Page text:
To sustain this free service, we receive affiliate commissions via some of our links. This doesn’t affect rankings. Our review process.
Tea is one of the most natural methods you may consider in your health maintenance routine. It may even help with some of the aspects of healing. Hibiscus tea in particular can be especially beneficial. Best known for its bright color and sweet flavor, hibiscus tea is sometimes combined with other teas to increase the medicinal benefits or to enhance the taste of a bitter tea without adding sugar. Learn more about this sweet tea and how to prepare it.
There are hundreds of varieties of the hibiscus flower. They each follow the general properties of the hibiscus flower, but may vary in their color and specific differences in petal shapes such as length and width. In general, plants that are classified as hibiscus flowers have trumpet-shaped flowers that include 5 or more petals. The colors that these flowers can be found in are too numerous to try to list.
How to Make Hibiscus Tea
|Davidson’s Organic Hibiscus Flowers
Most of the time when you make a tea, you will bring the water to a boil and insert the tea into the water. Then, you allow it to “steep” so that all of the medicinal qualities can be obtained. If you steep it too long you may get a bitter flavor. If you don’t get the water hot enough, you may not receive any of the medicinal qualities you want from the tea. When it comes to hibiscus tea, you can prepare and enjoy it in a variety of ways including hot, cold or using the natural flower.
Preparing the Hibiscus Flower for Tea
It is possible to make tea from fresh herbs and flowers. and it’s a fairly simple process.
- Pick the flower from your garden.
- Put it in your favorite safe spot for drying herbs and flowers.
- Allow the entire plant to completely dry out.
- Remove the stems and leaves from the flower. (These are much easier to remove when the plant is dried, hence using this method)
- Once the stems and leaves have been removed, gather the petals and prepare to use them to make your hibiscus tea.
To make hot hibiscus tea, bring the water to a boil. Place your hibiscus petals in your tea bag, or if you prefer, allow them to float freely in the water. Insert petals into the water and allow to steep for three to five minutes, as you would most other teas.
Use can easily make Iced Hibiscus tea but it takes longer than if you use the hot method, as you would expect. To begin, prepare the plant as you would if you were making the hot version from the petals. Then, place one cup of petals in 8 cups of cold water and allow to sit for one to two days. When the color begins to fade, your tea is ready for drinking. Refrigerate the tea for use later if you wish.
Health Benefits of Hibiscus Tea
Like most natural teas, hibiscus tea is used for more than just flavoring your water or adding flavor to another tea. It has its own medicinal properties that can easily be combined with others, but works very well on its own.
- Hibiscus tea is one of the many teas that work well to lower your blood pressure. If you already have low blood pressure, you should avoid drinking this tea. But, if you have high cholesterol or high blood pressure, this tea might aid in reversing your symptoms.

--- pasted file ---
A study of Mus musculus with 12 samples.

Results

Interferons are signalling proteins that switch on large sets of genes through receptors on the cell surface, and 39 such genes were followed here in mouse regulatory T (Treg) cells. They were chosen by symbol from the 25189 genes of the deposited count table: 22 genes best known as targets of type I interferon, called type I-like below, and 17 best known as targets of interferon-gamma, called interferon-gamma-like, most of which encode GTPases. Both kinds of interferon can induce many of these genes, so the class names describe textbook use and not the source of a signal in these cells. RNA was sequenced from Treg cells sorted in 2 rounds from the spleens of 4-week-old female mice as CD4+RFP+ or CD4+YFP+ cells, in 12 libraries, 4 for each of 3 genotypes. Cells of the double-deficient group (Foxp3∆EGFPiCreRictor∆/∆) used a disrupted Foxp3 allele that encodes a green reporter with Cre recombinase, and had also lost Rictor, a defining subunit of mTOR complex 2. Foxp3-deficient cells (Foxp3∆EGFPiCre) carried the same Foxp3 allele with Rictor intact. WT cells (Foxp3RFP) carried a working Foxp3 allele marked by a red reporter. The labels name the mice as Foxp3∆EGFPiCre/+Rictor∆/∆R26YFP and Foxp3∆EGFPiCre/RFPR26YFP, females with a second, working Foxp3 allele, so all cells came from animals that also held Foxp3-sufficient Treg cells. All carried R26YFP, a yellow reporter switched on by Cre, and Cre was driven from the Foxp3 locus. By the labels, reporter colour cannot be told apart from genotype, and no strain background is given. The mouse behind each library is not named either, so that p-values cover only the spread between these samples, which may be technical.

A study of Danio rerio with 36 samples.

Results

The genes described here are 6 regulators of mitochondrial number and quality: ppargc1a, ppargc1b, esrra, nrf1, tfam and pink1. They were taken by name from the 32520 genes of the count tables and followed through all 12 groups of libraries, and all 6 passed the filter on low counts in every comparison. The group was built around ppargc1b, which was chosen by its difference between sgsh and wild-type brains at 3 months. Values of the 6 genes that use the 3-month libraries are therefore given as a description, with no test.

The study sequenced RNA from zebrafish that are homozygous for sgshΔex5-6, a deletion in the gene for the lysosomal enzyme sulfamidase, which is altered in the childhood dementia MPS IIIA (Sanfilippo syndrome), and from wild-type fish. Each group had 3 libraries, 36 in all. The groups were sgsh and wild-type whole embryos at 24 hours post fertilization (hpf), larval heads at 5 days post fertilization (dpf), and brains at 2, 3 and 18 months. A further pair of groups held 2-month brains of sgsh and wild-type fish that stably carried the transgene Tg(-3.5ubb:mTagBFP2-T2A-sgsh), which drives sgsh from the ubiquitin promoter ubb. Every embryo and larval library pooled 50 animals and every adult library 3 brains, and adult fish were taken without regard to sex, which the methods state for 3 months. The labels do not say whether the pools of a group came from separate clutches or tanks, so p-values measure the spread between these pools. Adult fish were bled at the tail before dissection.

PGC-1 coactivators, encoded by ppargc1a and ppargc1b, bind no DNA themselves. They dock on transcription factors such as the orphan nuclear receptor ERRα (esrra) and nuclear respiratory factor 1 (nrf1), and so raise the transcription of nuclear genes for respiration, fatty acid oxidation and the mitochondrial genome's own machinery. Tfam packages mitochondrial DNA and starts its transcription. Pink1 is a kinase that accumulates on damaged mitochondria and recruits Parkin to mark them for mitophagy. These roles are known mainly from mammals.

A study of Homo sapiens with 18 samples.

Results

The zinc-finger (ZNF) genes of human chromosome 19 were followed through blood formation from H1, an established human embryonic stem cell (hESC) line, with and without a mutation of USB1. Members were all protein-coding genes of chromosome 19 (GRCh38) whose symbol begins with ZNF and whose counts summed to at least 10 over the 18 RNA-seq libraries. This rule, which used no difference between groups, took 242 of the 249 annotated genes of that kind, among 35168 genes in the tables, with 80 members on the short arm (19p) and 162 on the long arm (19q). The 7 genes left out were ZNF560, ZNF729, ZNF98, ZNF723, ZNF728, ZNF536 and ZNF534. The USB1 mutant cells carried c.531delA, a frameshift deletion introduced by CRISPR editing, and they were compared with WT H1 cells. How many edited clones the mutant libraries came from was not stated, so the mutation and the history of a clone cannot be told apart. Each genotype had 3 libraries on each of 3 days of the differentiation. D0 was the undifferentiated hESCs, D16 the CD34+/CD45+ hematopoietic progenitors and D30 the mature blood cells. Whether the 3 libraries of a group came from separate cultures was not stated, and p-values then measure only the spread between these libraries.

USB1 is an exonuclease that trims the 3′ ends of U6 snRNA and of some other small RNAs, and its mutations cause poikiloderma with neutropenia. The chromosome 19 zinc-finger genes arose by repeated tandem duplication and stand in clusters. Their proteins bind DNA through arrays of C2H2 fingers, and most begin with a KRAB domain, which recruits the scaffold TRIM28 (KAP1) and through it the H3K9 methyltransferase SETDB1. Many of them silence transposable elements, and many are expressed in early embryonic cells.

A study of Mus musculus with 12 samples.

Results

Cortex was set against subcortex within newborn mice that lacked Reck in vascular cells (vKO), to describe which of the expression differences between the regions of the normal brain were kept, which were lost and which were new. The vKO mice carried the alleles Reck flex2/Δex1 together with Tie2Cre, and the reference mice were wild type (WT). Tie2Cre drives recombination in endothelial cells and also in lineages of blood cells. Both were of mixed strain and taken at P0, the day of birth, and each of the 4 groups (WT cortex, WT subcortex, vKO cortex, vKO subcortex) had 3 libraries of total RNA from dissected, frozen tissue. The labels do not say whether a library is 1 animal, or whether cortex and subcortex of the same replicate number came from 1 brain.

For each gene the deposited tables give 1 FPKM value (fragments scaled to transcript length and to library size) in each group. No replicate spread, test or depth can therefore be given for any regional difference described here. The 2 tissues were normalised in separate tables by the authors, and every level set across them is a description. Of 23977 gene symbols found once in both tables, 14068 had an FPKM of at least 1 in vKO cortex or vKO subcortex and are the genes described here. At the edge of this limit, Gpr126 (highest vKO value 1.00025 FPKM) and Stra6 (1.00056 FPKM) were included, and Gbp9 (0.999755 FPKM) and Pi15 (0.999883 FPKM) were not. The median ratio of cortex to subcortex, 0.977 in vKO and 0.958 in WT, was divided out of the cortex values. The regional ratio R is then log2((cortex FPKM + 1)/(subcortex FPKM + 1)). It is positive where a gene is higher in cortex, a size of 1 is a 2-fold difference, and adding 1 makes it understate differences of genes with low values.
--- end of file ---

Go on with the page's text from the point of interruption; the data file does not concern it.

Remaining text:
- Hibiscus tea is also known to be used as a body refrigerant and to aid in weight loss. Because of its cooling effect on the body, hibiscus tea is thought to be beneficial to those who suffer from hot flashes due to menopause and peri-menopause. In fact, it may be the ability that this beverage has to modify estrogen levels that causes the cooling effect in the first place.
- This tea also acts as an anti-inflammatory, making it useful for people who suffer from pains due to inflammation. Some of the pains it may relieve include migraines, joint aches and arthritis. Because of its anti-inflammatory qualities and its lack of caffeine, it is the perfect tea to drink if you are seeking to treat a headache, but wish to avoid the traditional methods of using caffeine to treat a headache.
- If you are someone who prefers to add a citrus flavor to their tea, this type of tea with a slice of citrus fruit such as lemon may serve to increase your vitamin C levels even more. On the other hand, if you dislike citrus fruits but need to consume more vitamin C, this is the perfect tea.
It’s important to note that you should always consult your physician before considering replacing your medication with any other kind of healing method or combining your natural healing methods with ingestion of man-made medicines. Teas can come with their own side effects and may react when combined with the use of medications.
Hibiscus tea may have some serious side effects that could conflict with current health issues. For some people, it causes hallucinations, modified estrogen levels and may lower fertility levels. If you are taking medication for fertility or are concerned about estrogen levels, consult with your doctor about drinking this tea.
Obviously, if you hallucinate during or after consuming this tea, discontinue use of it immediately. Because hibiscus tea does have such serious potential side effects, it is best that you drink it in small doses to measure how it impacts you personally.
Watch this video which discusses how must hibiscus tea is too much.
Why do you drink hibiscus tea?
Disclaimer: This website contains reviews, opinions and information regarding products and services manufactured or provided by third parties. We are not responsible in any way for such products and services, and nothing contained here should be construed as a guarantee of the functionality, utility, safety or reliability of any product or services reviewed or discussed. Please follow the directions provided by the manufacturer or service provider when using any product or service reviewed or discussed on this website.